Sturgeon are present in the Willamette River near Portland Oregon year-round, but in the winter and early spring huge numbers of large sturgeon move into the Willamette, the lower Columbia River’s largest tributary, to feed in its relatively warmer waters.
The number of sturgeon in the lower Willamette begins increasing in October and November, and many stay until the spring. The best-known types – white sturgeon, trophy sturgeon and keeper sturgeon – can all be found in the Willamette River.
The Willamette flows into the Columbia River, allowing easy migration of sturgeon between the Columbia and Willamette waters. The combination of abundance of food and relatively warmer water temperatures make this area a favorite destination for sturgeon to spend their winter and spring months.
Consequently, the best sturgeon fishing on the Willamette River is during the fall months through early spring from below the Willamette Falls to near Portland, Oregon. The lowest part of the Willamette is a very popular for sturgeon fishing because it holds a large number of sturgeon during those months.
As summer approaches from April to June, sturgeon move out of the lower Willamette into the Columbia River, where the shad population is beginning their spawning runs to the Bonneville Dam. At the same time, others swim downstream to the Columbia River estuary to forage for small fish, anchovies and crustaceans. In a similar time-frame, late spring to summer, Spring Chinook begin entering the lower Willamette area. As this section of the river is busy with large ship travel during these months, fishing boats must be careful to avoid them.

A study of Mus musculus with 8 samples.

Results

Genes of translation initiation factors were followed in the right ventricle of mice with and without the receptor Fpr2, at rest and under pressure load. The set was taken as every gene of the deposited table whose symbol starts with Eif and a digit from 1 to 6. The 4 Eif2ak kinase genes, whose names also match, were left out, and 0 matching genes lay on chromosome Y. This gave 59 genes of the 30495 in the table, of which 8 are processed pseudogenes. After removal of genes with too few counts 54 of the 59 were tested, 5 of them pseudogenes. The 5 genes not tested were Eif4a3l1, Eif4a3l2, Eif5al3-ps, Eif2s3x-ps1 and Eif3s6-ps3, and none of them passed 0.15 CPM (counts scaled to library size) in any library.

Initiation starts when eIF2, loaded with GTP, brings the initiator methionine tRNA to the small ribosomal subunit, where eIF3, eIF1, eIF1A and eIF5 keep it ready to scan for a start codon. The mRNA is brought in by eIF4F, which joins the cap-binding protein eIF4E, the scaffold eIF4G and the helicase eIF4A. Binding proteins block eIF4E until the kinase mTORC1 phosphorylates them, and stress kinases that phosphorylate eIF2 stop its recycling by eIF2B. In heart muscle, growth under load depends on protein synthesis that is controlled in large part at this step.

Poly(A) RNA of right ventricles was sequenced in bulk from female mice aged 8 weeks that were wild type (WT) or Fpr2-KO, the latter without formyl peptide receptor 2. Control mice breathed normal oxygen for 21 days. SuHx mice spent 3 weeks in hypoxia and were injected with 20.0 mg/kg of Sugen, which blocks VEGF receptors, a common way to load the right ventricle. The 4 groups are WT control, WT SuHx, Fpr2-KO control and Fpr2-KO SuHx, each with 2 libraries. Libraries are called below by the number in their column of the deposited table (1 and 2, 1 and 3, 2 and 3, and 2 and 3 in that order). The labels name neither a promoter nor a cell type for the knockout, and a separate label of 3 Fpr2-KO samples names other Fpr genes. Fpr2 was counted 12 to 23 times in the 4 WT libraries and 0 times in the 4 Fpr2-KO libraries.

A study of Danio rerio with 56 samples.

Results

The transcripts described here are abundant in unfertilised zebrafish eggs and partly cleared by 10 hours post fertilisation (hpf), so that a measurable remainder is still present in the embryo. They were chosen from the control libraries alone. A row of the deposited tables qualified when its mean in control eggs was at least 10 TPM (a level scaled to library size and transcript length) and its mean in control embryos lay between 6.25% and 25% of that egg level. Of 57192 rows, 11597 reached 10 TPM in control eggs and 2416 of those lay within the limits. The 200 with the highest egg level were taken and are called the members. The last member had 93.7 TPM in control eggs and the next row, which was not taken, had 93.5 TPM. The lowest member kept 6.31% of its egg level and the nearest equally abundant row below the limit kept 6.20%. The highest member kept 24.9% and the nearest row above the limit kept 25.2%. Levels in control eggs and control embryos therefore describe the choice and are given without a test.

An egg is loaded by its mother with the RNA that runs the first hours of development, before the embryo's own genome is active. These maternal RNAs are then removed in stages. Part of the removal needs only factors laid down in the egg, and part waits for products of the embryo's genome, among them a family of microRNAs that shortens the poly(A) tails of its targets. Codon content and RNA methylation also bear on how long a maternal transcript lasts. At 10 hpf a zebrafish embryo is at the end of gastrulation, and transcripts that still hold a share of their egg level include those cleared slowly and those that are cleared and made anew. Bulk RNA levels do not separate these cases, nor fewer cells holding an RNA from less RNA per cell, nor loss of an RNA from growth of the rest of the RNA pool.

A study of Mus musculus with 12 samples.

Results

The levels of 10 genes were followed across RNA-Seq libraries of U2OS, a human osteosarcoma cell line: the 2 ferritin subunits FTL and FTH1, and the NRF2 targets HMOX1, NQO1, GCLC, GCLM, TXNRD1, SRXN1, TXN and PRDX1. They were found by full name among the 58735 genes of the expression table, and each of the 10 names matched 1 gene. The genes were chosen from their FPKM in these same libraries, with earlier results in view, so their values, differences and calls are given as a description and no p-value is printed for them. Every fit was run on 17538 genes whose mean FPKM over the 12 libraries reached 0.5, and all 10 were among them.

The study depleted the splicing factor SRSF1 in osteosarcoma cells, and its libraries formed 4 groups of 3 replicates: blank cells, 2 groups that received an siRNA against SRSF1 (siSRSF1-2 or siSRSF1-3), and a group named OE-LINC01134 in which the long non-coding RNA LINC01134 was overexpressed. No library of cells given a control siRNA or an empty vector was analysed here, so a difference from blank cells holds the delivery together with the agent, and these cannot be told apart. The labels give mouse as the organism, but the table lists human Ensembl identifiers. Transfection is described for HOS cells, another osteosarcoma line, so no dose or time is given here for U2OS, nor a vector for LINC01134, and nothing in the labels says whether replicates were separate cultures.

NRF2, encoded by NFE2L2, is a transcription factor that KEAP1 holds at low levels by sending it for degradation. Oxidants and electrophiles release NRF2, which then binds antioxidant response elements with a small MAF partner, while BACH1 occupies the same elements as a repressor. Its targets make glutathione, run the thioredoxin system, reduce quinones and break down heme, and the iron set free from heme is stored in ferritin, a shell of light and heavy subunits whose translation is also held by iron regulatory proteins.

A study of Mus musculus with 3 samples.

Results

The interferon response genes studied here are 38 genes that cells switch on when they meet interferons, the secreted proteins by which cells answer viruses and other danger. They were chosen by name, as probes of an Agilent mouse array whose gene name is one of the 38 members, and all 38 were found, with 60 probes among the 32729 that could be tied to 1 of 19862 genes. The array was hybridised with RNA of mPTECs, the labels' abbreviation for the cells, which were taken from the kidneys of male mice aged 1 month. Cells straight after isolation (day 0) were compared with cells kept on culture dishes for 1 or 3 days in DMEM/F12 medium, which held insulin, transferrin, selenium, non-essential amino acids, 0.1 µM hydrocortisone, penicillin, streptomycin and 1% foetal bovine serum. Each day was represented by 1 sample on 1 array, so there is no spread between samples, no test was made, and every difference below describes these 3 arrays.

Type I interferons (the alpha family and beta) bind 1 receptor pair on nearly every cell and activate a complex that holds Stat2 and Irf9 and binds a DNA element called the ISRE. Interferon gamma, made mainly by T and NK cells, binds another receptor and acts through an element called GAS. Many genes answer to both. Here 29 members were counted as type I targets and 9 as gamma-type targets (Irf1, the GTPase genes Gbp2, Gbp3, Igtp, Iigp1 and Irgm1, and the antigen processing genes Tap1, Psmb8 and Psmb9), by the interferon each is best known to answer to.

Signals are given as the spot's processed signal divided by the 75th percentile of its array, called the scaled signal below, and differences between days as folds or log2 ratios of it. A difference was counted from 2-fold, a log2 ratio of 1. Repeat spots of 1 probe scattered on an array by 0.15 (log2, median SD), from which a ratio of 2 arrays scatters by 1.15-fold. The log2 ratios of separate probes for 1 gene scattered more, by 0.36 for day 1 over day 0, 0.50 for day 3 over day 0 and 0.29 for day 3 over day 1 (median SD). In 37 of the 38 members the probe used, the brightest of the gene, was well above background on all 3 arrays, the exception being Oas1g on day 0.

Year-round sturgeon fishing means being willing to move your location on the river, because sturgeon are migratory fish that swim up and down the river looking for the best conditions and sources of food. “Columbia River Fishing Adventures can find sturgeon any time of the year,” says its owner and guide Buddy Dupell, “Even if we have to travel a bit to do it.”
Buddy has spent decades fishing for sturgeon, salmon, steelhead and walleye in Oregon. His experience and knowledge of its waters means he knows when to switch locations to take advantage of changing conditions, like river flows, water levels, weather patterns, and other factors, to create a successful strategy for a memorable fishing venture. Give Buddy a call at (503) 409-3099 with your questions, or to book an exciting fishing experience on Oregon’s world-renowned Willamette River.